Routine or Selective Carotid Artery Shunting for Carotid Endarterectomy and Different Methods of Monitoring in Selective Shunting
Graeme J. Hankey MD, FRACP, FRCP Section Editor
Large, randomized, controlled trials have shown that carotid endarterectomy is beneficial for selected patients with recently symptomatic stenosis.1,2 However, surgery carries a risk of stroke and death. Most perioperative strokes are ipsilateral carotid territory infarcts, some possibly resulting from the interruption of blood flow that occurs while the carotid artery is clamped. The duration of interrupted blood flow can be minimized by use of a shunt. Potential disadvantages of shunting include complications such as air and plaque embolism and carotid artery dissection. We performed a systematic review of randomized, controlled trials to determine the effect of a policy of routine or selective shunting on the risk of perioperative stroke, death, and other operative complications. We also tried to identify if any one method of selecting which patients undergoing endarterectomy, under general anesthetic, require a shunt is better than any other.
Similar search strategies and inclusion criteria were used in the original (up to 2000) and this updated review (2000 to 2008).3 Trials were included if they compared any of the following policies: routine shunting versus avoiding a shunt; selective shunting versus routine shunting; selective shunting versus avoiding a shunt; or if they examined different methods for determining the need for a shunt. Recorded end points were all strokes, ipsilateral strokes, all strokes and deaths, wound hemorrhage, wound infection, and ipsilateral cranial nerve injuries. The time periods examined were intraoperative, within 24 hours of surgery, within 30 days of surgery, and during the whole follow-up period. If available, the number of shunts inserted in trials comparing one method of monitoring with another was also recorded. The analyses of surgical complications (including ipsilateral stroke) were based on all arteries randomized, whereas overall stroke and death rates were calculated per patient.
Four trials fulfilled the inclusion criteria.4–7 Three (686 patients) compared routine shunting with no shunting.4–6 Allocation was adequately concealed in one trial,5 unclear in one,6 and quasirandomized in the other.4 There were crossovers between treatment arms in 2 of the trials,4,5 but neither trial excluded patients after randomization, and analysis was by intention to treat. The treatment groups were comparable in 2 trials,4,6 but no baseline data were available in the other trial.5 There were no losses to follow-up in any trial, but the duration was only 30 days. The Table shows the pooled estimates of the risks and the ORs between shunted and nonshunted operations for each complication studied. The overall 30-day stroke and death rate was 4.9%, and the overall risk of death was 1.5%. No significant differences were seen in any of the recorded outcomes for shunted versus nonshunted patients.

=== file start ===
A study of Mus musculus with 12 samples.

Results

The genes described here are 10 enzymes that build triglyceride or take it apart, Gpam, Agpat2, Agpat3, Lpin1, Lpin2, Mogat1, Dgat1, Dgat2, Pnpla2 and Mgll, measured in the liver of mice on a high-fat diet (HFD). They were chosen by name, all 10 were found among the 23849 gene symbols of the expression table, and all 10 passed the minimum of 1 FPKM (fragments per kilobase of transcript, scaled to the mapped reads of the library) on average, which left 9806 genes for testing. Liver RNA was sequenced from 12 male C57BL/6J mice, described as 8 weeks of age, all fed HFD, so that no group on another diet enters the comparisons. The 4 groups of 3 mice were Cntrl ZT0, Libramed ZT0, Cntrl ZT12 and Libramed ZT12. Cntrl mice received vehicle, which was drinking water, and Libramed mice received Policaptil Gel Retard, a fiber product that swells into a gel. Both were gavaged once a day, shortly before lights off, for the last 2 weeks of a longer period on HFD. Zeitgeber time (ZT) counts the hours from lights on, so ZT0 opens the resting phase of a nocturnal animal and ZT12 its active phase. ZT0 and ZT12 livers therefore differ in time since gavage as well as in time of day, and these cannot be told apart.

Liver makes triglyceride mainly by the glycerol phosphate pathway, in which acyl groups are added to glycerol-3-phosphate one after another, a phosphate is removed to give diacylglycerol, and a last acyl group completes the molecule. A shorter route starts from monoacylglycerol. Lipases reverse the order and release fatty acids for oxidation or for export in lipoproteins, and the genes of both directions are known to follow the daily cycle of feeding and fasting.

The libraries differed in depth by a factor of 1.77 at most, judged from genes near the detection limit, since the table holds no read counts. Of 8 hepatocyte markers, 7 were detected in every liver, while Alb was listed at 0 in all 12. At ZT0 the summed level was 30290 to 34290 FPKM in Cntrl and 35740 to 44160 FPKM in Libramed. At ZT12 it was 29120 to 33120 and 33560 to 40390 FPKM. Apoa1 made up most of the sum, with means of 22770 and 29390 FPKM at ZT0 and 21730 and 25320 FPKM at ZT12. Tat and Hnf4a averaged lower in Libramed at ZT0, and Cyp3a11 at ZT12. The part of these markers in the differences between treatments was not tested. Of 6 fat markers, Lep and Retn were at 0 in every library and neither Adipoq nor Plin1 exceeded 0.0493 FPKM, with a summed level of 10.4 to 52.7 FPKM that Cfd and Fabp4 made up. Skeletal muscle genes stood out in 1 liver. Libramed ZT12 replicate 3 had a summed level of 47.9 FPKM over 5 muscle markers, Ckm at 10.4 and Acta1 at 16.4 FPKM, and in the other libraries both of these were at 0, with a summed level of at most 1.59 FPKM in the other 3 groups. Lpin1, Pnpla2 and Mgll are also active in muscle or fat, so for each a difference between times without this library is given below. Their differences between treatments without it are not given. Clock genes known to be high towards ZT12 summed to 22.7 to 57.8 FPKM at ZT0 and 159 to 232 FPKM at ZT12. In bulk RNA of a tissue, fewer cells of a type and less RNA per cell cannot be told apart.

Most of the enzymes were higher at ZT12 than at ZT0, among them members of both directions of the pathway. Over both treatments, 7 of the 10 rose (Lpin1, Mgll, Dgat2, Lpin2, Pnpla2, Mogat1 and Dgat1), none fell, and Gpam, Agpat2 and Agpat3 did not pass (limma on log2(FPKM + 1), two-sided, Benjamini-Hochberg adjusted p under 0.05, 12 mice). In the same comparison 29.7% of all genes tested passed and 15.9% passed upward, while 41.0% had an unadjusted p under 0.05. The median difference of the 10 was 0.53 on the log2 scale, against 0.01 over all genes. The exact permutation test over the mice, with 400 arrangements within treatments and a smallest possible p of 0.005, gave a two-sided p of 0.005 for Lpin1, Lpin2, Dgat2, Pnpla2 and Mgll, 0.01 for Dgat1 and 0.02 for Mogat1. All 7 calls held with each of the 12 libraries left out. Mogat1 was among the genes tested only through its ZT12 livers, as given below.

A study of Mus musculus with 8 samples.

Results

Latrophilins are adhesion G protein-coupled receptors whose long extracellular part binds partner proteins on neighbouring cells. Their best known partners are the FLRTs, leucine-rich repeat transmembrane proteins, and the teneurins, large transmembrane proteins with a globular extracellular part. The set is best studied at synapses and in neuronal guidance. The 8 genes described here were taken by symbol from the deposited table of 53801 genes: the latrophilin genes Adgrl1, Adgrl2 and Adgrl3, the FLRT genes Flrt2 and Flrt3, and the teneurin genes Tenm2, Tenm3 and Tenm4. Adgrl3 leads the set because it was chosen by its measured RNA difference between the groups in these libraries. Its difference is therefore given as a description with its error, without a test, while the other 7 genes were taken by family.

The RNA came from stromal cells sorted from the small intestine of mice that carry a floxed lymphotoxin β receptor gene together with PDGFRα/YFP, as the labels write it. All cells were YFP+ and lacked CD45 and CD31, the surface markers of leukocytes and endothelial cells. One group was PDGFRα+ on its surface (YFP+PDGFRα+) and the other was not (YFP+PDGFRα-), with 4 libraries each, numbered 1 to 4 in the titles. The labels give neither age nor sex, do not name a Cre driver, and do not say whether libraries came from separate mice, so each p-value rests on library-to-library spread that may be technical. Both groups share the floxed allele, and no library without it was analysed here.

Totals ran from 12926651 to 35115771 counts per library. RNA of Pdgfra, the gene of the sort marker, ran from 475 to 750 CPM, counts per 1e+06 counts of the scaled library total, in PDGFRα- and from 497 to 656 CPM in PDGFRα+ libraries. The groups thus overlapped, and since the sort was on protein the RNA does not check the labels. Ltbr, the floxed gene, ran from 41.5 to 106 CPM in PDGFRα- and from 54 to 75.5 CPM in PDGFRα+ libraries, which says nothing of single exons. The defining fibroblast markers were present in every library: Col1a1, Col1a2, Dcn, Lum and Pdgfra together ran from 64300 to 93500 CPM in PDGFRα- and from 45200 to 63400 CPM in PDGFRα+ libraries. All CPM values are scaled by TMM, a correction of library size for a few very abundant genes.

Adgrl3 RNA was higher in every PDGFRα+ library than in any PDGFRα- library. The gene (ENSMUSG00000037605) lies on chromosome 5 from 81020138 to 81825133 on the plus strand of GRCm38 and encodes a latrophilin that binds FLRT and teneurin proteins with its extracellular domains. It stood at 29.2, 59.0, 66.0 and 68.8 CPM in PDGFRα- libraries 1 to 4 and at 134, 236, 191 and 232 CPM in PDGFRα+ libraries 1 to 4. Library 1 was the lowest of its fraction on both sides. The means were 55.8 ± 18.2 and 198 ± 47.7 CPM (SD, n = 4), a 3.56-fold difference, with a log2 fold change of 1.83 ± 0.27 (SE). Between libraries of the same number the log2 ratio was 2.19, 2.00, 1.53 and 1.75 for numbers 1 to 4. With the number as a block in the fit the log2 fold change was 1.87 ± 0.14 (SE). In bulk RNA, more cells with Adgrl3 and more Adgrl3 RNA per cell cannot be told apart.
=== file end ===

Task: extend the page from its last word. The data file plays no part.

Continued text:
The fourth trial (131 patients) compared shunting on the basis of electroencephalographic and carotid pressure measurement with shunting by carotid pressure measurement alone.7 The treatment groups were comparable, but the method of randomization, blinding of outcome assessment, and duration of follow-up were unclear. Three of 72 patients in the combined monitoring group had ipsilateral strokes within 24 hours of surgery versus 2 of 70 in the stump pressure alone group (OR=1.47, 95% CI=0.25 to 8.68, P=0.7). There were no significant differences in wound hemorrhage or nerve palsy, but combined monitoring resulted in the use of fewer shunts.
Discussion and Implications for Future Research
There is still insufficient evidence from randomized, controlled trials to support or refute the use of routine or selective shunting during carotid endarterectomy or to support the use of one form of monitoring over another in selecting patients requiring a shunt. Larger randomized, controlled trials are required.
- Received September 29, 2009.
- Accepted October 8, 2009.
Rothwell PM, Gutnikov SA, Eliasziw M, Fox AJ, Taylor W, Mayberg MR, Warlow CP, Barnett HJM, for the Carotid Endarterectomy Trialists Collaboration. Pooled analysis of individual patient data from randomised controlled trials of endarterectomy for symptomatic carotid stenosis. Lancet. 2003; 361: 107–116.
Gumerlock MK, Neuwelt EA. Carotid endarterectomy: to shunt or not to shunt. Stroke. 1988; 19: 1485–1490.
Sandmann W, Kolvenbach R, Willeke F. Risks and benefits of shunting in carotid endarterectomy. Stroke. 1993; 24: 1098–1099.